Yorkton Regional High School celebrated the "Day of Pink" April 9 with a screening of the film Cyber Bullying and panel discussion for the entire student body.
Day of Pink is a Red Cross initiative to raise awareness of bullying and promote safe and respectful school and work environments.
The 23-minute, 2012 documentary was produced by Alberta's BearPaw Media Productions and was originally previewed with a similar discussion panel at the Yorkton Public Library as part of the Yorkton Film Festival's Open Cinema series March 11.
It features interviews with Canadian bullying expert Dr. Shaheen Shariff of McGill University and follows the experiences of four youths to explore "how technology and changes in communication have affected how kids relate to each other in a world where hurtful information can become public in an instant."
The film underscores the critical aspect that for today's youth online identity can be as, if not more, important as their personal reputation.
Shariff points out in the documentary that social media exacerbates the problem. Online bullies have a degree of anonymity that bolsters bravado and an attack can quickly expand to hundreds or thousands of others piling on. Because of the buffer of the Internet, victims are easily dehumanized. It becomes more about the bully building himself up than tearing down the victim, but to the person on the receiving end, the attack can be just as real and violent as a schoolyard brawl.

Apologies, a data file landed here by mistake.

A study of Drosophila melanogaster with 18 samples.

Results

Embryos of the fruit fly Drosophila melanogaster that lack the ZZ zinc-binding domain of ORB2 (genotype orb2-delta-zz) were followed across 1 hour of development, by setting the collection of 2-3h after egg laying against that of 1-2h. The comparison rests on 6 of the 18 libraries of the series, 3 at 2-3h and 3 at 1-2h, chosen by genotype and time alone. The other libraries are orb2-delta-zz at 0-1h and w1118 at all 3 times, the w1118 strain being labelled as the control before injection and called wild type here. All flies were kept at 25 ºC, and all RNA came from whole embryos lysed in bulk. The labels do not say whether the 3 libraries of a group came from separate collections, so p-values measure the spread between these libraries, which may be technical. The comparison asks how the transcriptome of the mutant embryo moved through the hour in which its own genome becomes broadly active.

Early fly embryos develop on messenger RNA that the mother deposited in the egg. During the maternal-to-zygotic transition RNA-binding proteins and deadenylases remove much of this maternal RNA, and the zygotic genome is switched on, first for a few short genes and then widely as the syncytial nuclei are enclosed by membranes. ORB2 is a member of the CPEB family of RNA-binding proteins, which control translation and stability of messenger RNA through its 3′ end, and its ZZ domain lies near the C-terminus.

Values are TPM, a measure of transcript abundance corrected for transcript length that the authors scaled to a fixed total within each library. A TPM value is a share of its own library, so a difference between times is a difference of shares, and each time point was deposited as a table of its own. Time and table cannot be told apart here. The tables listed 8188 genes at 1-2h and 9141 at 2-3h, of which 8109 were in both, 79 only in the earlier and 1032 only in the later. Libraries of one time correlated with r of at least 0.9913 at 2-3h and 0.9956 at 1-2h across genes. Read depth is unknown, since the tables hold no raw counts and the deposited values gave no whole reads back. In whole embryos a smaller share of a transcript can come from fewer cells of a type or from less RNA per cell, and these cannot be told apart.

The panel included Dennis Nesseth, teacher and counselor; Lana Stanek-Sebastian, who teachers a digital citizenship class; student mentors Logan Ernest and Sierra Unick; Shelly Westberg, guidance counselor; and Cpl. Darren Letson, the school's RCMP liaison.
The panel discussed strategies for preempting and dealing with online bullying, the most important of which is breaking the silence.
"Saying something is always the first step," Ernest said. "I dealt with a lot of bullying when I was a kid and I really wish I would have said something when I was a kid."
Randy Goulden, YFF executive director, said she was happy the festival was able to provide the school with the film in support of a good cause.
"I was very pleased with the event," she said. "I was very pleased to be part of it."
Aside from promoting bullying awareness, Goulden was happy to be able to fulfill one of the main goals of the festival, which is growing the audience for Canadian cinema.
"We had a lot of young people watching Canadian film," she said.